Madison Heights City Councilor Kymm Clark sent the city her resignation letter a day after council approved a new social media policy in a 5-2 vote earlier this week.
Council members voted unanimously Thursday night, with Clark abstaining, to formally accept his resignation.
Clark is a director with several others on many private social media accounts focused on city events and activities, including the Friends of Madison Heights and the Madison Heights Neighborhood Forum on Facebook.
Clark’s resignation letter did not explicitly mention the new social media policy adopted by council on Monday, but said she would continue to remain involved in “engaging my community, educating them about our municipal government” and encouraging development and bring “a more accessible quality of life programming to our residents.
She demanded that her resignation be accepted for the sake of her “mental, emotional and physical health”.
City council members have received training through the Michigan Municipal League on members’ use of social media and how this may conflict with the state’s open meetings law , said City Manager Melissa Marsh.
“The policy objective (of social media) encourages board members to separate their public and private social media accounts,” Marsh said, “and to prevent any board member from engaging in public censorship in actions or communications that take place on social media. ”
A number of people blocked on Facebook pages where Clark is one of the administrators have complained to city officials.
Clark said she believed the city’s new social media policy was unconstitutional and had contacted the American Civil Liberties Union, the Michigan attorney general’s office and others. Clark noted that the social media groups she is involved with are private Facebook groups, not official city groups.
“Politics was aimed at me because I am extremely involved in the community,” she said. “The policy would have meant that I should have unblocked people (Facebook pages) who harass (other) residents and me” online.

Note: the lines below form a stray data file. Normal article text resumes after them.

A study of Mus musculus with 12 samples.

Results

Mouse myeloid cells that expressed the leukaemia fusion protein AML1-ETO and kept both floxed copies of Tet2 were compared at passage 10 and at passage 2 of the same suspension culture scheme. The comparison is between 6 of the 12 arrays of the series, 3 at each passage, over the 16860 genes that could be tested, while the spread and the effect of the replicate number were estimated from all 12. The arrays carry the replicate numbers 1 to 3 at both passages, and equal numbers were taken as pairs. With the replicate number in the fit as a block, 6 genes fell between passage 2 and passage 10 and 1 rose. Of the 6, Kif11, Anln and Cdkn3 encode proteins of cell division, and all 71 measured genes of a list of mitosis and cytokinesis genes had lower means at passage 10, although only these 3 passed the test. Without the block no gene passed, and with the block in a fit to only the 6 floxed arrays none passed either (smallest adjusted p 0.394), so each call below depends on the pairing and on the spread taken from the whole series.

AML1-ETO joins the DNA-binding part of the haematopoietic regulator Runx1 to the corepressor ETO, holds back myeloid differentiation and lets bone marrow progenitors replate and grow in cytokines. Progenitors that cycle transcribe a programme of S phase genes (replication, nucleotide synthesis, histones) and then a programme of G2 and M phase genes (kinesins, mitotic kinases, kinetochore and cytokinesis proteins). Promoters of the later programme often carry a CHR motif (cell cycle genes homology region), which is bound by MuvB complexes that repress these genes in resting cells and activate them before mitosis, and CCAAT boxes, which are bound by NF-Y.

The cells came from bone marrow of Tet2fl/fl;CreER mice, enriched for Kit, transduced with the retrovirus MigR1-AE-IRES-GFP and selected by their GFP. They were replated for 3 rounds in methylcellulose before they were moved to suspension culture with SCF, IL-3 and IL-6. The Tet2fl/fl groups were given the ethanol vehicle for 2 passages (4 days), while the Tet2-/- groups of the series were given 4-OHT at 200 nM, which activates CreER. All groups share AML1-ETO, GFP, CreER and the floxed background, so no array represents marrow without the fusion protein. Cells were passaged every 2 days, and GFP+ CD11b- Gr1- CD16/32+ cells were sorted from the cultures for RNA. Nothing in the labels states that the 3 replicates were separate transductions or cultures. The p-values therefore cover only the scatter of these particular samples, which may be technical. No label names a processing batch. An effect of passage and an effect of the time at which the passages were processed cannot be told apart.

At the board meeting on Monday, Clark said someone she blocked on a Facebook page threatened her. She said a man with a profile picture of himself with guns strapped to his chest, sent her a private message on Facebook saying he “would make sure I never got elected if it was the last thing he did “.
Madison Heights’ new social media policy would have required it to unblock such people, Clark said.
City Attorney Larry Sherman drafted the Social Media Policy for Elected Officials based on legal opinions drawn from existing case law.
“If you don’t discuss city business on private pages, you can block whoever you want,” he said. “In our opinion, what crosses the line is when the business of the city gets mixed up with a private Facebook page. “
City affairs are defined as anything relating to the affairs of the council or the city, he said.
“This policy is not as aggressive as several (nearby) communities consider it,” Sherman said.
Mayor Roslyn Grafstein called for a social media policy, she said, due to “the number of complaints I have received (from)… people have been kicked out of these (social media) forums” .
Madison Heights has 30 different private forums, she added.
The complaints come from people who feel blocked from finding out what is going on in the city, Grafstein said, even when the mayor explained that these were private forums.
But people don’t see the difference between public and private Facebook pages on city issues.
“They see (the forums) relate to the city and one of the council members is running the page,” Grafstein said. “The problem is, there is point of view discrimination by a board member.”
With its social media policy, Madison Heights tries to avoid finding itself in a legal situation, she added.
Sherman cited a recent case ruling that whenever a public official engages in a public discussion, it constitutes a public forum. The official cannot use the pretense of being a private citizen to avoid First Amendment rights imposed on the government to avoid restricting another person’s free speech rights.
Still, Clark asked at Monday’s meeting whether officials had weighed the motives of those who complained about being blocked on Facebook forums.
“Did you think that people who complained that they were blocked because of their beliefs could lie,” Clark asked, “and could have said and done things to other people that they want them to do? hurt and want to hurt their family? And (they) could come and make an affidavit and fill it with lies? “
Clark was elected for a four-year term in 2019 which expires in 2023.
When such a vacancy occurs, the city charter directs the council to fill the vacancy for the unexpired term with the highest number of votes in the last municipal council election.
That person is Sean Fleming, who is one of six candidates vying for one of three four-year council seats in the Nov. 2 election.
City council is expected to appoint Fleming for the remainder of Clark’s term at its October 11 meeting.
The social media policy is available on the city’s website in the city council’s agenda for its September 27 meeting.